This highlights the urgent need to continue to reduce the number of young people who become addicted to tobacco – as smoking causes more than eight in 10 lung cancers in the UK. The research is presented at the NCRI Cancer Conference in Liverpool today (Wednesday).
The same Oxford University study found that the total annual cost of all cancers to the UK economy is £15.8bn. Half (£7.6bn) of the total economic cost of cancer to the UK is due to premature deaths and time off work, followed by healthcare costs (35 per cent, £5.6bn) and unpaid care to cancer patients by friends and family (16 per cent, £2.6bn). Health care spending represents a cost of £90 per person in the UK population.
Each lung cancer patient costs the UK healthcare system £9,071 annually.** This compares with £2,756 for bowel cancer, £1,584 for prostate cancer and £1,076 for breast cancer survivors. The average healthcare*** spend on each cancer patient in the UK is £2,776.
Research author, Dr Jose Leal, at the Health Economics Research Centre, University of Oxford, said: “Lung cancer costs more than any other cancer – mainly because of potential wage losses due to premature deaths from people in employment – about 60 per cent of the total economic costs – and high health care costs. The death rate from the disease remains high at 56 deaths per 100,000 people in the UK population annually, and almost a quarter of these occur before retirement.
“Our research shows that cancers impact the economy as a whole – and not just the health service. Premature deaths, time off work and unpaid care by friends and family account for 64 per cent of all cancer costs (£10.2bn) in the UK in 2009. These wider costs should be taken into account when deciding research priorities. Cancers with the highest economic cost could offer the highest expected returns from investment in research.”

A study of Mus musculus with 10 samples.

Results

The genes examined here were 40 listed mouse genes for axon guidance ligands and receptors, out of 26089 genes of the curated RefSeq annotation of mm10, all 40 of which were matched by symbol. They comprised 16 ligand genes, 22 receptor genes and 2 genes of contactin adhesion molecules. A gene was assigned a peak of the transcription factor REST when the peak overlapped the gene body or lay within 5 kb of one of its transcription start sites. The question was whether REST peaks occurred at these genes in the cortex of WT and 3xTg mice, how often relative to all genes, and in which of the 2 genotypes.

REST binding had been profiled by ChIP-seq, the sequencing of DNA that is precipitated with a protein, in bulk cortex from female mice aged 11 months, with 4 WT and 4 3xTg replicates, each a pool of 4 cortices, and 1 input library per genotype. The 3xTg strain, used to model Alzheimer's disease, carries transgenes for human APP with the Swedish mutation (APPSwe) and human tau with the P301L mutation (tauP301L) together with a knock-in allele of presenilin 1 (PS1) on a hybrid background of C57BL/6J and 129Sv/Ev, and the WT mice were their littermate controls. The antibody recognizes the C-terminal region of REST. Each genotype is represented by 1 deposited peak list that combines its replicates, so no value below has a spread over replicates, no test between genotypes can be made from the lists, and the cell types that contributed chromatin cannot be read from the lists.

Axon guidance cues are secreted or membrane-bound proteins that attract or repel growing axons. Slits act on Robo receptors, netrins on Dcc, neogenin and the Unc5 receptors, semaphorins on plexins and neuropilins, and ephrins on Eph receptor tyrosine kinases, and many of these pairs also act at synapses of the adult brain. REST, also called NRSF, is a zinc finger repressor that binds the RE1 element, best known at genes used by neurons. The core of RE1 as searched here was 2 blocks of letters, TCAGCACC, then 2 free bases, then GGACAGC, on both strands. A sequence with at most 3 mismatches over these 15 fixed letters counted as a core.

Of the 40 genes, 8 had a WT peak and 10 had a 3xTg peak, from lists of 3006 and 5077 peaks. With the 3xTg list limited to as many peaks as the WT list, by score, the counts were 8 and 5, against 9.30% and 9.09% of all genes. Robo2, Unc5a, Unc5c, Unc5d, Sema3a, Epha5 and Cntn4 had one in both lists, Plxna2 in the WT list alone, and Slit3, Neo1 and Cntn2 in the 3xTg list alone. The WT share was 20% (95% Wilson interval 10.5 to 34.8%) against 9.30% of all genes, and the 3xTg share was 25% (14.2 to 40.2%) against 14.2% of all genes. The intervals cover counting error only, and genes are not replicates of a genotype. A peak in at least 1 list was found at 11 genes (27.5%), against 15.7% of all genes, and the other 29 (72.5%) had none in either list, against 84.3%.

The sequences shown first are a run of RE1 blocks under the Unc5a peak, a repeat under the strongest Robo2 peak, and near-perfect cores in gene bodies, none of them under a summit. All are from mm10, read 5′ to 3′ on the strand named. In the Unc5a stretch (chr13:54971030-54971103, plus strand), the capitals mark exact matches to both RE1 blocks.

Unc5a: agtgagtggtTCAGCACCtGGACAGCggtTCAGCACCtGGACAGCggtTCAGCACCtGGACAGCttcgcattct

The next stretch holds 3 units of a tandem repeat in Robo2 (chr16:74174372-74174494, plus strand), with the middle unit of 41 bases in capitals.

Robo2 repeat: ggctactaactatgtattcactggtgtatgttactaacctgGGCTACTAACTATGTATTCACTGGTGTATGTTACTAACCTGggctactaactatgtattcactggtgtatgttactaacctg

Each year in the UK in the UK 41,500 people are diagnosed with lung cancer and almost 35,000 people die from the disease. Around 157,000 children aged 11-15 start smoking in the UK each year, enough to fill over 5,000 classrooms.
Dr Jane Cope, director of the NCRI, said: “These figures remind us that cancer has a cost, not just in professional healthcare but also in loss of earnings for patients, and for loved ones who give up work to look after them. Since 86 per cent of lung cancer deaths are linked to smoking, we can reduce these financial and societal costs by helping people to stop smoking.”
For media enquiries please contact the NCRI press office on 0151 239 6043 / 6044 / 6045 or, out-of-hours, the duty press officer on 07050 264 059.
The economic burden of lung cancer across the European Union, Dr Jose Leal, University of Oxford.
Notes to editors
* The total economic costs of other cancers are: Bowel cancer – £1.6bn, breast cancer – £1.5bn, and prostate cancer – £0.8bn.
** Cancer patients are defined as those people who have previously been diagnosed with cancer and who are still alive. These may be newly diagnosed individuals, individuals with stable disease being followed-up regularly, or individuals considered to be cured.
***The healthcare costs rather than economic costs are calculated per cancer patient. The total economic cost of cancer includes potential wage losses of patients who have died from cancer in a given year and should, therefore, not be divided by the number of cancer patients who are still alive.
The economic burden of cancer was estimated using patient-level studies and aggregate data on morbidity, mortality and health care use. Costs of unpaid care and lost earnings due to morbidity and premature death were included in the study.